From Pine View Farm

How Tea Gets Bagged 2

David McCumber analyzes the tactics of teabaggery and how the teabaggers, generally estimated at about a quarter of the electorate, rendered the Republican Party its servant.

A nugget:

The 22 percent of Americans who favor the tea party, as per the latest Gallup numbers, have learned how to influence policy to a degree once considered far beyond the grasp of their raw vote-getting numbers. And as a study just released by a labor-funded liberal advocacy group shows, they are increasingly running the legislative branch of government.

How? It’s called winning through intimidation.

Most moderate Republican lawmakers exist inside a dome of fear that they will draw right-wing primary opposition.


Two truths play into this: (1) Turnout is often light in primaries, and votes are sometimes scattered among three or more candidates. And (2) Zealots vote.

As the authtor points out later in the article, this is not a spontaneous grassroots effort.

It’s Astroturf: wingnut think tanks powered by billionaire bucks fund the freak show.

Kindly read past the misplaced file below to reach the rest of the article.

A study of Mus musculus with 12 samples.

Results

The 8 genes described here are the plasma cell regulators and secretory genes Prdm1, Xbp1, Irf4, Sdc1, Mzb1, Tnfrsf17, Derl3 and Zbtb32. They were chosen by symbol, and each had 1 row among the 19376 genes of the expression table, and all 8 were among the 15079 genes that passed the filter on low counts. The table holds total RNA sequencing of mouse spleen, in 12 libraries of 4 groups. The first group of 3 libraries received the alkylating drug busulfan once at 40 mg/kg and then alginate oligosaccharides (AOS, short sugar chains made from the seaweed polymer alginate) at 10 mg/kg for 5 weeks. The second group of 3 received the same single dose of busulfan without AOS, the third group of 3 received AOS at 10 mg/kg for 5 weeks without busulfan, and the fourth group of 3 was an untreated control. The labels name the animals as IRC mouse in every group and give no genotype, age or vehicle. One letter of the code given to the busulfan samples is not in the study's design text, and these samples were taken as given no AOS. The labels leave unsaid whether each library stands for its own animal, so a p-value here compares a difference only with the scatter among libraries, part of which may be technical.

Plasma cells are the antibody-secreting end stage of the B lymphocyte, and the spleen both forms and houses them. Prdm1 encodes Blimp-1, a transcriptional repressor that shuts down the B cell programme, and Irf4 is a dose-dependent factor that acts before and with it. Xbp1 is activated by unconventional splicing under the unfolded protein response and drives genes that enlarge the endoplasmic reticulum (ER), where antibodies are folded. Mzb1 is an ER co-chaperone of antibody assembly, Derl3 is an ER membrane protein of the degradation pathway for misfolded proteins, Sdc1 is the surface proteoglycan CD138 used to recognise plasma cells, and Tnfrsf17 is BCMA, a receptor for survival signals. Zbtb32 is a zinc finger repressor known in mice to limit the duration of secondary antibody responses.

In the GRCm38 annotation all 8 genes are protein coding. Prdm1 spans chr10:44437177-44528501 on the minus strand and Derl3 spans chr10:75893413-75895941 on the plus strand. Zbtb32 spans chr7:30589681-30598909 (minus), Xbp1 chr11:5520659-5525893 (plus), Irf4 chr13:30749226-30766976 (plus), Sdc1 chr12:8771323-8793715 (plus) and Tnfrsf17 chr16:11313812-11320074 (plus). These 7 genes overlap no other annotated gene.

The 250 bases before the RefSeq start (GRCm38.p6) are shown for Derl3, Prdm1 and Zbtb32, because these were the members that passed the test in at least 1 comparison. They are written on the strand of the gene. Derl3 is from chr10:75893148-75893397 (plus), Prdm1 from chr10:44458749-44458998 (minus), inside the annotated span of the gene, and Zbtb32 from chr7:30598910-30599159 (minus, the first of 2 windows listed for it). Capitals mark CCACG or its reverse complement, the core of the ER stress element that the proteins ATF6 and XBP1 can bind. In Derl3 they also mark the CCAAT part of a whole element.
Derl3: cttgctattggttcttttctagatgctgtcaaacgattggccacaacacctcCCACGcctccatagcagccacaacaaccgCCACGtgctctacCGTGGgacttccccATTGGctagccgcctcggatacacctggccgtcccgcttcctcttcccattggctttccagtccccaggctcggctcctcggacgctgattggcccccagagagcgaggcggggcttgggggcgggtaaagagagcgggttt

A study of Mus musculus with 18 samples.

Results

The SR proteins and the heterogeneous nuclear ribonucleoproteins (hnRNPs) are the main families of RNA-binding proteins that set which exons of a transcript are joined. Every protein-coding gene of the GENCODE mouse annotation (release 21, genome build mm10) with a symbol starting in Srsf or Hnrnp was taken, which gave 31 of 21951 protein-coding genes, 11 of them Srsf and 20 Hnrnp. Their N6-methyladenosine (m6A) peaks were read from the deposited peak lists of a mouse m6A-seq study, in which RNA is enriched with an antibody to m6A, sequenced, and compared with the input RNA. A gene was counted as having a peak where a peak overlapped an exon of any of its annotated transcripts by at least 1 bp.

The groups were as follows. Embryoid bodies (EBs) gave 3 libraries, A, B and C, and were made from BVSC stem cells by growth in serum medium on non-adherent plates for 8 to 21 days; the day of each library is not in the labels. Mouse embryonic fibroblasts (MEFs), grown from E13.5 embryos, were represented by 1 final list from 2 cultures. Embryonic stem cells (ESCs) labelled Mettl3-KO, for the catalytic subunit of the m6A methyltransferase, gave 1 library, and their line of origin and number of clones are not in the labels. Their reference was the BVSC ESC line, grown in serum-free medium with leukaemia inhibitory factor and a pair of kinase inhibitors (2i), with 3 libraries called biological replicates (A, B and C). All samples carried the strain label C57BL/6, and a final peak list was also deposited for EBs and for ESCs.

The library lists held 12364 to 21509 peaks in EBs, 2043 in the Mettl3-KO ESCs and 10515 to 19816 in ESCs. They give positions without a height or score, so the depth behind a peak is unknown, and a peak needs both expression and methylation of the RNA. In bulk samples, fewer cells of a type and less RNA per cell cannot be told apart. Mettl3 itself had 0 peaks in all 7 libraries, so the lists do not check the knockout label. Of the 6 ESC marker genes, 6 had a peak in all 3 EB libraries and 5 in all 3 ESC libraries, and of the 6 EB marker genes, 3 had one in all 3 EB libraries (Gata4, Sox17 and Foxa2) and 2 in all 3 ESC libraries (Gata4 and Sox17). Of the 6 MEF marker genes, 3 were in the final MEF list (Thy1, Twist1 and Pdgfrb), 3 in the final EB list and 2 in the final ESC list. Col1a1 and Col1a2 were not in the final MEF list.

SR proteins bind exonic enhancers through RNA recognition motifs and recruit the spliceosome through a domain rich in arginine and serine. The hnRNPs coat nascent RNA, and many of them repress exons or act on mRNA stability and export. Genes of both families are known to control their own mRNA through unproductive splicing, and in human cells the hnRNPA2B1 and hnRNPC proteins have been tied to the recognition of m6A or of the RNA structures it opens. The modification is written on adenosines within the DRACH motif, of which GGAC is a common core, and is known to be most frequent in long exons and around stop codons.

1. George Smith

    January 26, 2014 at 1:32 pm

    The only thing excluded is how they gain federal power. Too many dishwater Democratic Party politicians, men of no substance and with no populist message. You recall the summer of the town hall meetings on health care. That’s when the Tea Party “populism” citizens started crucifying Dem pols in mortifying videos, one infamously by switch Arlen Specter in Pennsylvania. They almost brought down the US government, single-handedly were responsible for the shutdown. These are real accomplishments in absolute nihilism.  The picture in that AP piece, one I once used, is perfect: Visualization by arm, an ideology of punch-yer-face.  

  2. Frank

    January 26, 2014 at 11:29 pm

    They operate out of their safe base in the CSA and use glibertarian rhetoric to leverage that in the central parts of the country, where Republican myths have a solid hold. Overt and latent racism are central to their attraction.


    An example of one of those myths:  My friend and I like to watch Family Feud with Steve Harvey, mostly because Steve Harvey is quite witty and sometimes slapstick funny (a local station shows back-to-back episodes at 5 p. m.).  It’s a nice unwind at the end of the day:  we seldom get through an episode without several good laughs.


    Recently, one of the questions was, “What are things that keep going up?”  One of the big answers was, “the debt and deficits.”  People who pay attention know that that is not true–both go up and down (up under Republicans, down under Democrats).  But the public at large believes it; the letters section at my local rag reflects that regularly.


    If a lie is repeated often enough, it is taken as truth.  Republicans wield that truism as a strategy.